Every year, starting around Halloween it never fails that some teachers get their long underwear in a bunch over not being able to celebrate their holidays like the “good ole’ days.” Ladies and gents, I have seen every flipping argument in the book. From it’s my culture to it’s a free country, it never fails that we have teachers still fighting for them to flaunt their beliefs into the faces of their students.

Let’s get real here, you typically don’t decorate your classroom for yourself. Everything you do is in some way connected to sending a message to your students. When you put words up on a word wall, you’re saying that these words are important. When you decorate with fall leaves, you’re setting the theme to seasonal. When you are putting up images of a Christmas tree, you’re saying that Christmas is important. What does this tell our students who don’t celebrate Christmas? What is the real outcome?

Recently, I was in a discussion where the now few years old argument against saying happy holidays came up. Once again, people took sides where on one side, they didn’t want to offend those who don’t celebrate Christmas, and on the other side, they think it’s their right to say what they want to whom they want without worrying about what that person celebrates. However, I want to ask, why the hell do we say anything at all? What objective do you have when you say either Merry Christmas or Happy Holidays? Why can’t you just say, “Have a nice day!” and move on? Oh, is it because you want to share that your major holiday in case they didn’t notice the decorations and commercials that are quite literally everywhere? And let’s be real, even “happy holidays” is a ridiculous thing to say considering there is literally just a coverall for Merry Christmas. If you truly meant happy holiday’s, you would need to begin saying it December 2nd this year because that’s the beginning of Hanukkah, but none of you knew that because Happy Holiday’s is American English for “I’m not really saying Merry Christmas because I am culturally competent!”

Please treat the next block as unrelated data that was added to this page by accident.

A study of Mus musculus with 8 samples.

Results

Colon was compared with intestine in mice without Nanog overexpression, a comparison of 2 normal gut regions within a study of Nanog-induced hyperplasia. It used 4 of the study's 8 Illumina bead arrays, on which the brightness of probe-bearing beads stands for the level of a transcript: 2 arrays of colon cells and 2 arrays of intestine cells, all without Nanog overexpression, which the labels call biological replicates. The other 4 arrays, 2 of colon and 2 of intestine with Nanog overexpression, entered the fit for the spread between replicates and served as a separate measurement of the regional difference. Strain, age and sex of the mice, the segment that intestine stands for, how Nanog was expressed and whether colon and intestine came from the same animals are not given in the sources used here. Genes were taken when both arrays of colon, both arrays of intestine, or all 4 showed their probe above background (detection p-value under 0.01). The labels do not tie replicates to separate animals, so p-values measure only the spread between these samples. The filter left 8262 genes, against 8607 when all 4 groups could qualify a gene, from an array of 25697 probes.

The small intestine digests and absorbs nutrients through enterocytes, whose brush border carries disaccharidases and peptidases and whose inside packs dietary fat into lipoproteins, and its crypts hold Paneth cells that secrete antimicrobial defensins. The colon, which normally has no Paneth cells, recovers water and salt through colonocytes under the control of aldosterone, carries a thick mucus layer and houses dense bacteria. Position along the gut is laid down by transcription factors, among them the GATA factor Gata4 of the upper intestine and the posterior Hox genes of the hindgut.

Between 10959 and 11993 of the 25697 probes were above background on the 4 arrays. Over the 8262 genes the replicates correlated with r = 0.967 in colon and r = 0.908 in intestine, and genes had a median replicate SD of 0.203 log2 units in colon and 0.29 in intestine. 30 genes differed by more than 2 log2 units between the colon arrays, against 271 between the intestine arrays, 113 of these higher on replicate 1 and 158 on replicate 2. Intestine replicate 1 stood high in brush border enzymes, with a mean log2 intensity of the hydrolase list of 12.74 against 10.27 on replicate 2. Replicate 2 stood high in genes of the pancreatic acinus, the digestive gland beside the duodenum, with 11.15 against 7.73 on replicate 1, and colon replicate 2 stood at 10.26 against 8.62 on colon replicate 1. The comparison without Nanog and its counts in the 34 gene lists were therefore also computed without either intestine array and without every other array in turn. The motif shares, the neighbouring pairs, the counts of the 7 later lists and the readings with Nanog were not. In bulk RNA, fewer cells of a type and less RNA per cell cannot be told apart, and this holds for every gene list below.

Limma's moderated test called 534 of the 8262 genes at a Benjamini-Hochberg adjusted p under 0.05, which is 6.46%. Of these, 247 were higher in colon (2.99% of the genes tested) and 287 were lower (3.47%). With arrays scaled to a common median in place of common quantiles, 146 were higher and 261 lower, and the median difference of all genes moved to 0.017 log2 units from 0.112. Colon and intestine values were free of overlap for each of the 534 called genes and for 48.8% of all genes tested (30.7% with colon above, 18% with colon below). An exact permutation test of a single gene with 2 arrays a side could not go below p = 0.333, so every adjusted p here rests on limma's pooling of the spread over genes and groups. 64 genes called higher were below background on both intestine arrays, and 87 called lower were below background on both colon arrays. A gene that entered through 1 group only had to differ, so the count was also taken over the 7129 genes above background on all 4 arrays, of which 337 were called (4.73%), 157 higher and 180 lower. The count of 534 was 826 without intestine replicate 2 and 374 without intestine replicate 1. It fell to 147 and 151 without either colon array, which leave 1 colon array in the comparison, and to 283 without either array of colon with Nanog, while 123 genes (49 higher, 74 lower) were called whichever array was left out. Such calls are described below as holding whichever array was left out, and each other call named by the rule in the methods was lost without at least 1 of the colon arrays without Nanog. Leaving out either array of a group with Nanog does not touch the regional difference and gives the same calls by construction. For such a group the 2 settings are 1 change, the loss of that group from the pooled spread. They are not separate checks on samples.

Now, I’m not saying not to ever say Merry Christmas or Happy Holidays to anyone. What I am advocating for is knowing your audience. If you have students who don’t celebrate Christmas, or you find that you are uncertain, then just say goodbye or hello as normal to them unless they initiate the holiday greeting. Just because a holiday is “secular” according to you, it probably isn’t according to some in your classroom.  Even Thanksgiving is seen by some as a negative holiday. In fact, recently I had a conversation with a student who told me that this family doesn’t celebrate the 4th of July due to the fact that there were slaves when this country continued to celebrate its “freedom.”

And that’s what racism gets you. Angry. Angry that anyone would dare challenge something as basically American as the 4th of July. Or just angry that you can no longer push your religious beliefs on students by putting up and decorating a tree in your classroom.